Kim Shin-rok’s feelings after winning Best Supporting Actress at Baeksang with Netflix’s “Hellbound”
Actress Kim Shin-rok shed tears after winning Best Supporting Actress at the Baeksang Arts Awards for the first time since her debut.
The 58th Baeksang Arts Awards was held at KINTEX in Ilsan, Goyang, Gyeonggi-do on the evening of May 6th.
On this day, Kim Shin-rok, who is receiving great attention after 17 years of debut through Netflix’s “Hellbound”, won the Best Supporting Actress – Television award.
Standing on the stage, Kim Shin-rok looked down at the guest seats and was close to tears, “It’s so big and cool when I come onstage and see all of you.”
Kim Shin-rok said, “Actually, I really want to get this award. I wanted to receive it strangely even though I reproached myself ‘You are not sincerely praying to Buddha, instead you’re interested in the offering’.”
Regarding the reason why she really wanted to receive the Best Supporting Actress – Television award at the 58th Baeksang Arts Awards, she explained, “I thought that ‘When will I come to the awards ceremony again, hearing that I’m good at acting? Maybe it’s the first and last time’.”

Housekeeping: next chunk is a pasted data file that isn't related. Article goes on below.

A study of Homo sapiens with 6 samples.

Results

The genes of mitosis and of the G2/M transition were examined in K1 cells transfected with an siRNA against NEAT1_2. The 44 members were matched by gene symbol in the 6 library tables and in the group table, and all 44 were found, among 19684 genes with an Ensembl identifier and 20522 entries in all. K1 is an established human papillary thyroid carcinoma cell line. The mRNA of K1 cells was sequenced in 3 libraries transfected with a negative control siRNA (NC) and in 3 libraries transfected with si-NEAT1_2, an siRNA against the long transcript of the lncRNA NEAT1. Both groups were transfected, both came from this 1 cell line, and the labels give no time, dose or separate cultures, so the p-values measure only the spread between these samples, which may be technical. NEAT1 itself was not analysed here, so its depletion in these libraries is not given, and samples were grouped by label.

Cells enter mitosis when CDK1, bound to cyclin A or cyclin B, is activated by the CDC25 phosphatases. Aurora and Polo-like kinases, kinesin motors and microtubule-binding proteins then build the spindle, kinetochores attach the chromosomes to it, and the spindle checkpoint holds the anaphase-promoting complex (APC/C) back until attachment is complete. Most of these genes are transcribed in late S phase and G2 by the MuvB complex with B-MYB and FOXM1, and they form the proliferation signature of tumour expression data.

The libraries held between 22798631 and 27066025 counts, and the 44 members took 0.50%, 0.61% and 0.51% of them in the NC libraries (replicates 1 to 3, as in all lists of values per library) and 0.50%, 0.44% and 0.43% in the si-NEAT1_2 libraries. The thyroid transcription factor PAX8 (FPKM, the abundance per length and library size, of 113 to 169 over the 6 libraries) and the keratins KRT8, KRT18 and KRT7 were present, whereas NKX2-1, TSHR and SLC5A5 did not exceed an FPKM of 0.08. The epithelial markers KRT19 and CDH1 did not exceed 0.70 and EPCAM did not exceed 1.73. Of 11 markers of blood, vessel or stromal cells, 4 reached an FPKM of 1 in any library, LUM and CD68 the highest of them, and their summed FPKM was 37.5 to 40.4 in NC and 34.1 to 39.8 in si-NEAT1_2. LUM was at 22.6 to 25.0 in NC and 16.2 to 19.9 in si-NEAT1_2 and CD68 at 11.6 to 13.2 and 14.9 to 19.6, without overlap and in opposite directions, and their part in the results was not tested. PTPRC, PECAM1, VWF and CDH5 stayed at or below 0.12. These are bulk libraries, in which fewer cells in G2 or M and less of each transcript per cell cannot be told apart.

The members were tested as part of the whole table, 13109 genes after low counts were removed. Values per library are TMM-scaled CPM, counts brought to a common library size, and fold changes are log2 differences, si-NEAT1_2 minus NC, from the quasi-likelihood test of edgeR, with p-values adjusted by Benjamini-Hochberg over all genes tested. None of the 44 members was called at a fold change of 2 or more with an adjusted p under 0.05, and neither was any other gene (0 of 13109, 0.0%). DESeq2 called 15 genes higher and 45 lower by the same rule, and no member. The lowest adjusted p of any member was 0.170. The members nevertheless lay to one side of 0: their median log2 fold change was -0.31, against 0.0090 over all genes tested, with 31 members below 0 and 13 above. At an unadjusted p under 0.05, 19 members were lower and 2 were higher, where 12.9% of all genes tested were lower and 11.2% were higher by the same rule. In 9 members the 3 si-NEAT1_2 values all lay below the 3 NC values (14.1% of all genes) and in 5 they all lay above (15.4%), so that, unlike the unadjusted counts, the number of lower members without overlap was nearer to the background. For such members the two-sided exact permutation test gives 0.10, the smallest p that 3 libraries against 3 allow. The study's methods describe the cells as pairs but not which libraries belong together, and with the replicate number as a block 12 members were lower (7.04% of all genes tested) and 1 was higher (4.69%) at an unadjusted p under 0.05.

Kim Shin-rok thanked the officials of the 58th Baeksang Arts Awards who gave her such an award and said that she would continue to work hard in a healthy manner with a clean mind.
She continued, “I still don’t have the confidence to do well, but I’ll try to act honestly, seriously and sincerely.”
Kim Shin-rok also thanked the production team and colleagues of “Hellbound” for putting her here.
Finally, she finished the story by expressing her gratitude towards fans, her husband (actor Park Kyung-chan) and other family members who have been supporting her since she acted in plays.
Meanwhile, Kim Shin-rok made her debut through the play “Survival Calendar” in 2004.
She played Park Jeong-ja, a single mother subject to the first public demonstration, in Netflix’s “Hellbound”. She showed off her irreplaceable presence by three-dimensionally portraying the situation of a person full of fear before death.